When your job includes experimenting on animals


Neuroscientist Ashley Juavinett looks at the cells in a mouse's brain (marked in green) while the mouse looks at something. Part of her research is studying the neurons and circuits in the brain that help us (and mice) see the world. Photo provided by Ashley Juavinett

Neuroscientist Ashley Juavinett is a postdoctoral research fellow at Cold Spring Harbor Laboratory in New York. She wants to know more about the neurons and circuits in the brain that help us understand the world. To do that, she studies mice and rats. When she reveals her work to others, that can lead to difficult conversations with people who oppose animal research. She spoke with reporter Alan Yu from The Pulse about her experiences.

When you first start working with mice or rats you can be a bit timid — you don’t want to scare them in any way.

In those early days, every time you need to pick them up, you’re trying to grab the tail, or grab them by the body, and it can be hard. A lot of people will pick them up by the tail. It might be better actually to kind of scoop them up with two hands, although some of them, especially when they’re first being handled, are a bit scared so they might bite you if you do that. You have to be careful.

They kind of stay to the outside of the cage, or they’ll often try to run under the bedding to hide.

It takes up to 10 minutes the first time, then maybe five, and you eventually start to predict their behavior as they’re moving around, so you can do it much faster.  Now it takes me like 10 seconds.

My first summer of research, I worked with rats. I remember a couple rats that were really docile and nice, and so it was like, ‘Oh these are the good rats.’ It can be tough at the end of that to say goodbye.

Unfortunately, we can’t take all the animals home with us at the end of the day, and it can be expensive to keep them around so I think that’s the main reason why most labs will euthanize them at the end of the research.

So you put the rat into the CO2 chamber and after a few minutes they’re unconscious and their bodily functions cease. So then, yeah, it’s done.

Uncomfortable conversations

It can be startling to people who haven’t really thought about how we know what we know, or how we know that medicines work, and things like that. A lot of people can go through life without thinking about the nitty gritty, becuase they’re not doing the research.

There was one time, I had a chatty Lyft driver. When we started talking, I was like,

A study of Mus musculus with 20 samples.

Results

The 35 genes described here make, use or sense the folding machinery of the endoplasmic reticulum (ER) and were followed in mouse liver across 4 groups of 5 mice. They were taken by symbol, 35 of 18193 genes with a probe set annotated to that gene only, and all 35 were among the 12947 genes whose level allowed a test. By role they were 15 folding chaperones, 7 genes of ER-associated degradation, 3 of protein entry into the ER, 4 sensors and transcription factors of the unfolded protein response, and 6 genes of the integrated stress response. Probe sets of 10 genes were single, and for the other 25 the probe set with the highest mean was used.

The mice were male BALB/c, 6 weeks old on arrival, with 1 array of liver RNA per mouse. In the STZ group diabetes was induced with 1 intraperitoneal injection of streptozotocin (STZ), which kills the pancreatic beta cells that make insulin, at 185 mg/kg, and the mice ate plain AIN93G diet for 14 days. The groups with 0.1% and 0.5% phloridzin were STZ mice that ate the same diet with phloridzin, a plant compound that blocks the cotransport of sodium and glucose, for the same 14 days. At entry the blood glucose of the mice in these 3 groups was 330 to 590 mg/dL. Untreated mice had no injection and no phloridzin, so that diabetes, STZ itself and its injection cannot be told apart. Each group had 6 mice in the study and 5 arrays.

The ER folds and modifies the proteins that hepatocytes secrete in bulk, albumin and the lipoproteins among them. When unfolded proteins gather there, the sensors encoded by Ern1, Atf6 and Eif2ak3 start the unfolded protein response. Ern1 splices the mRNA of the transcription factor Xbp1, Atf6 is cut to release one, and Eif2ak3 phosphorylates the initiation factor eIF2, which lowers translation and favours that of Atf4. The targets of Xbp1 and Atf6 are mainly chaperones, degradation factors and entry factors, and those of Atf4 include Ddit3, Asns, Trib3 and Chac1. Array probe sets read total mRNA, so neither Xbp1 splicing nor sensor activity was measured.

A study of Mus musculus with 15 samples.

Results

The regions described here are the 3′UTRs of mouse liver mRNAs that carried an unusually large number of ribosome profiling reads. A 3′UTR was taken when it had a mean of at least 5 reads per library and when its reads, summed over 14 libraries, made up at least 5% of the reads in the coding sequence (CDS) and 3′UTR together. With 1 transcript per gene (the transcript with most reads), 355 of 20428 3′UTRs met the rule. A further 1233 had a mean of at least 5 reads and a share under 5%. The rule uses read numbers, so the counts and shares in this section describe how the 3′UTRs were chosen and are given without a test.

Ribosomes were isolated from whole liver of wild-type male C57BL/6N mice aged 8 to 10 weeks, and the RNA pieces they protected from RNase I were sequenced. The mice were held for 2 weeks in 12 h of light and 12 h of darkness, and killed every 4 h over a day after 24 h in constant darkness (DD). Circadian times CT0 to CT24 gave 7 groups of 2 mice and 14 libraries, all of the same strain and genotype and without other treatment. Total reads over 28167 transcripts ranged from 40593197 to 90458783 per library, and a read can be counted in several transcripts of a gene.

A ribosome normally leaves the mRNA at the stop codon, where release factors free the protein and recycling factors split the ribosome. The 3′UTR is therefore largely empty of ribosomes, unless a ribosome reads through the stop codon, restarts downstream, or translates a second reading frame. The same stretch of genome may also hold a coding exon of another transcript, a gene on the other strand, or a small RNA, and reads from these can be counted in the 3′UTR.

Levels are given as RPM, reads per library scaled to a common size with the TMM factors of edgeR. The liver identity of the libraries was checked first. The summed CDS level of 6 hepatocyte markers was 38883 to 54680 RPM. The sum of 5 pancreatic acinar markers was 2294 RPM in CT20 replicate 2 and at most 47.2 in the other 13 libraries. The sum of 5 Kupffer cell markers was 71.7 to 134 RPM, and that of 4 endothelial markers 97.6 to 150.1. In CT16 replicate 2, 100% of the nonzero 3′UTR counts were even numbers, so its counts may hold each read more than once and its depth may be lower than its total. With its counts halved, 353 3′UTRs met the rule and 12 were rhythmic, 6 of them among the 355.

“Oh yeah I study the brain and try to understand how different cell types talk to each other.”

And he got really curious, and he was like, “Oh how do you do that?”

And I tried to explain like, “I do it in mice.”

And he was like, “Wait, what, you do this in mice? That’s so weird.”

And yeah, well you can’t do it in humans, that would be even weirder. I think he kind of got fixated on the fact that it was happening in mice and rats and was not very happy about it.

There are a lot of people out there who don’t believe that any type of animal research should be happening. I used to see those people when I worked at the Salk Institute.

A lot of times the protesters will find old, severe looking pictures of monkeys that are fixed in a set-up and can’t move.

This type of research has gotten much better and we’ve learned so much more about how we can do these experiments in a way that really is ethical.

I think sometimes I avoid those conversations out of fear.  Because I fear a backlash from someone for the type of research I’m doing. As a result, I feel like I need to keep what I’m doing a little bit close, and I often won’t explain things to friends or family because it feels like it’s a bit too much for them to handle or something

Sherlock, the rabbit

I have a rabbit currently. I’ve had the rabbit for about four years. His name is Sherlock and he’s named as such because he has black floppy ears. He’s kind of big, he’s maybe five pounds, maybe a little bit more than that.

Neuroscientist Ashley Juavinett and her pet rabbit Sherlock. Photo provided by Ashley Juavinett
Neuroscientist Ashley Juavinett and her pet rabbit Sherlock. Photo provided by Ashley Juavinett

I’ve spent a lot of time with Sherlock and I feel like I understand him as a creature. I think it would be really hard for me to do research on rabbits.

Sherlock has been with me for a bunch of life events; he drove across the country with me in the front seat from San Diego to New York. If I had a mouse with me throughout all those things, I probably would feel the same way about that mouse, in the end.

But of course a lot of this is very socially constructed: we don’t keep squirrels as pets for example, even though if we did domesticate squirrels, they might be just as friendly as a rabbit.

Ashley Juavinett's rabbit Sherlock. She says that even though she might spend more time with lab mice than Sherlock, it feels different because she interacts personally with Sherlock, and rabbits and rats bond with humans in a way that mice don't. Photo provided by Ashley Juavinett.
Ashley Juavinett’s rabbit Sherlock. She says that even though she might spend more time with lab mice than Sherlock, it feels different because she interacts personally with Sherlock, and rabbits bond with humans in a way that mice don’t. Photo provided by Ashley Juavinett.

On a practical level, once we’ve decided, okay mice may not have exactly the same level of consciousness as a human, they are a creature that we can do this on, then you kind of move forward as a field and keep working with them.

We have medicine and amazing treatments because of all the animal research we’ve done. I think that we should have conversations about what’s best for animals and how we can treat animals better in the lab, but I do think the consensus is that we should do this.

Ashley Juavinett first wrote about her experiences for the online science publication Massive.